Movement in the Henry Hub day-ahead price reflected the increase of most other trading locations in this week’s cash market by rising just under 2 percent from $3.58 per MMBtu the previous Wednesday to $3.65 per MMBtu yesterday. As the accompanying table shows, the Henry Hub cash price progressed steadily upwards starting last Friday as end-use markets responded to prospects of approaching chillier weather late this week.
At the NYMEX, the November 2011 contract rose 0.4 cents (0.1 percent) from $3.586 per MMBtu last Wednesday to $3.590 per MMBtu yesterday. Despite the weekly rise, the November 2011 contract, which expires today, dropped 6.8 cents yesterday as the December 2011 contract dropped 7.7 cents, likely reflecting uncertainty over anticipated storage builds today rather than immediate weather concerns.
Most trading locations responded with higher prices to prospects of chillier temperatures later this week. Spot prices at Transcontinental Pipeline’s Zone 6 trading point for delivery into New York City, which started the week at $3.83 per MMBtu, showed a 17 cent price gain per MMBtu over the period (Wednesday to Wednesday) to close at $4.00 per MMBtu (up 4.4 percent). Ironically, over the same period, the Chicago citygate spot price increased an identical $0.17 per MMBtu and also ended the week at $4.00 per MMBtu (up 4.4 percent).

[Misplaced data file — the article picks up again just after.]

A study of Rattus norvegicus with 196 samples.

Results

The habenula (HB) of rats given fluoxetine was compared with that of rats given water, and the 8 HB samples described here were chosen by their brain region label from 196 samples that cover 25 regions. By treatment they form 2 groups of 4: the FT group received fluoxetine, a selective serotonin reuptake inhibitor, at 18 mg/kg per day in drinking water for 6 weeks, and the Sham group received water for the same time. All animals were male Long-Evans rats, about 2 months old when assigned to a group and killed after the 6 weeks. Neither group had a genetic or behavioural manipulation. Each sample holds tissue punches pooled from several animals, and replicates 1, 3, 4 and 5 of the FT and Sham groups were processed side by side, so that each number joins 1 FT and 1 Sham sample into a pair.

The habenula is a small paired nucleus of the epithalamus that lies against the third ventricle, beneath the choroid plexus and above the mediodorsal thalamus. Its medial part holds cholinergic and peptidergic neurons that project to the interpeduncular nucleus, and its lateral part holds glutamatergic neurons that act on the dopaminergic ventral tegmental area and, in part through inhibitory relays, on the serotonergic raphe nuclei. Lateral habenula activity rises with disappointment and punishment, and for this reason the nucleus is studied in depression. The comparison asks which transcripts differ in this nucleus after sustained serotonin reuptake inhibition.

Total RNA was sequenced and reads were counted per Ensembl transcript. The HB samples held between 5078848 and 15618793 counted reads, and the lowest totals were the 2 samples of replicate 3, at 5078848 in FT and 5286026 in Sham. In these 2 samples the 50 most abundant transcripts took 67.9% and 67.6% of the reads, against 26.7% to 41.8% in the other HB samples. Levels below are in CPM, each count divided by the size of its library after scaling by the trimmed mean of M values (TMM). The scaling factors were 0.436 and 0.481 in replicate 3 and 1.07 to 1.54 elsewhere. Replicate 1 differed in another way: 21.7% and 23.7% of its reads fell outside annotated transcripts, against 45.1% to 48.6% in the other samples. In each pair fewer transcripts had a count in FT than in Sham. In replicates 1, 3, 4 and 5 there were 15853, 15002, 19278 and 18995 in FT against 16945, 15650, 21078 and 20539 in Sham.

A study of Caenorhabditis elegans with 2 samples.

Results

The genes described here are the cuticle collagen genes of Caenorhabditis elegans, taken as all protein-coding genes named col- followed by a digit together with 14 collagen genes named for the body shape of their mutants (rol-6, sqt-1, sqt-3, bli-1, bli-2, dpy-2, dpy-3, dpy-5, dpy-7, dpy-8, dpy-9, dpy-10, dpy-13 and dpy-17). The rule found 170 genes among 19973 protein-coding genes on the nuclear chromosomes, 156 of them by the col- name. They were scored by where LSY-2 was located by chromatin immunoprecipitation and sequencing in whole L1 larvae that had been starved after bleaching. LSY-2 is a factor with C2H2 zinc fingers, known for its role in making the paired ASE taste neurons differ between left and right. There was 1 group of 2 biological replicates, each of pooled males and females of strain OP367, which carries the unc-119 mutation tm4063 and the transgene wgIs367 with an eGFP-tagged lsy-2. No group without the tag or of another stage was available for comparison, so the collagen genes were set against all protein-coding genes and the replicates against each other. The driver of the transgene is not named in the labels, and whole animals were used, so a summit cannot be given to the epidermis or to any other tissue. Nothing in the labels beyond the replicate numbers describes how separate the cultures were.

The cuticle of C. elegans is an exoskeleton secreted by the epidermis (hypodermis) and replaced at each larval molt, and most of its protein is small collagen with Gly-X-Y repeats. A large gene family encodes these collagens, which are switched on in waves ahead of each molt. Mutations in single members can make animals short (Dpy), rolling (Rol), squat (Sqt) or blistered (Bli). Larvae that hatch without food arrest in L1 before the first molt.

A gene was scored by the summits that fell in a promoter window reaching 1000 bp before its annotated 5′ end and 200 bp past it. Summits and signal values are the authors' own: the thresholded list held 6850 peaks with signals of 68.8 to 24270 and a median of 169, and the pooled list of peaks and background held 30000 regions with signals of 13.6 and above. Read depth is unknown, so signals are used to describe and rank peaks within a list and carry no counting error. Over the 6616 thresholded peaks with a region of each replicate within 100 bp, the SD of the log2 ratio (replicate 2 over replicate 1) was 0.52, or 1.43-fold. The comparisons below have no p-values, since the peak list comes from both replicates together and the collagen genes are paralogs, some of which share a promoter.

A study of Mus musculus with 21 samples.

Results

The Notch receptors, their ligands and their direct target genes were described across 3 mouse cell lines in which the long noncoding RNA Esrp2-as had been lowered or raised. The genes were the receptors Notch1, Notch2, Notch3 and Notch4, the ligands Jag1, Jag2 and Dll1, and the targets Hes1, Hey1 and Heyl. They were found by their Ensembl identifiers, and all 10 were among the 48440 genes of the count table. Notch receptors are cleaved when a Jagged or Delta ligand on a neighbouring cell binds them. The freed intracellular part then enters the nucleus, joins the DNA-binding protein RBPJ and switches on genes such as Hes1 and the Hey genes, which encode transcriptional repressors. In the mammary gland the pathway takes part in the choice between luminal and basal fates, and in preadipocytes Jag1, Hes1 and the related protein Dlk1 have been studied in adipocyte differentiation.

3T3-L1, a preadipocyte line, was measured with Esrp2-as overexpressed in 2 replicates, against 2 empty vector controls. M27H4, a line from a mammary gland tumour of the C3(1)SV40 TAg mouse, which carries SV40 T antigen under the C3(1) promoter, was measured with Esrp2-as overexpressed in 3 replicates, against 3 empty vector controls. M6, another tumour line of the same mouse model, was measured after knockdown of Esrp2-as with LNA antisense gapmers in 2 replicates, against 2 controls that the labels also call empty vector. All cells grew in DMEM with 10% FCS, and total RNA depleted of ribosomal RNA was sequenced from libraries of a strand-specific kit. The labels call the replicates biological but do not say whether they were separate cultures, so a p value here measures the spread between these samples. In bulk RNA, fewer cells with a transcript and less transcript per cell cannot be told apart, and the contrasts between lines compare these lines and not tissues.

In spite of generally mild fall temperatures prior to the arrival of the expected chillier weather, consumption posted a modest increase for the week. According to estimates from BENTEK Energy Services, LLC (BENTEK), domestic gas consumption increased by 3.0 percent over last week. The residential/commercial sector registered a double-digit percent increase while the industrial sector tallied a 1.8 percent increase. However, the power sector posted a generally offsetting 9.0 percent drop reflecting the light weather load at the end of last week.
In the midst of the week’s recovering consumption pattern and price turnaround, overall supply was off slightly. According to BENTEK estimates, the week’s overall average total nominal gas supply posted a 0.6 percent decrease from last week’s level. Domestic weekly dry gas production averaged 62.6 Bcf per day, 0.3 percent lower than the previous week. Domestic dry gas production now stands 7.3 percent above this time last year. The slight fall in this week’s dry gas production was amplified by a 6.0 percent decrease in Canadian imports which averaged 5.4 Bcf per day over the period. Canadian imports stand level with year-ago volumes for the same week. There were modest supply gains registered in the liquefied natural gas (LNG) arena during the week where imports came in at 767 million cubic feet (MMcf) per day but remain 10.0 percent below year-ago levels.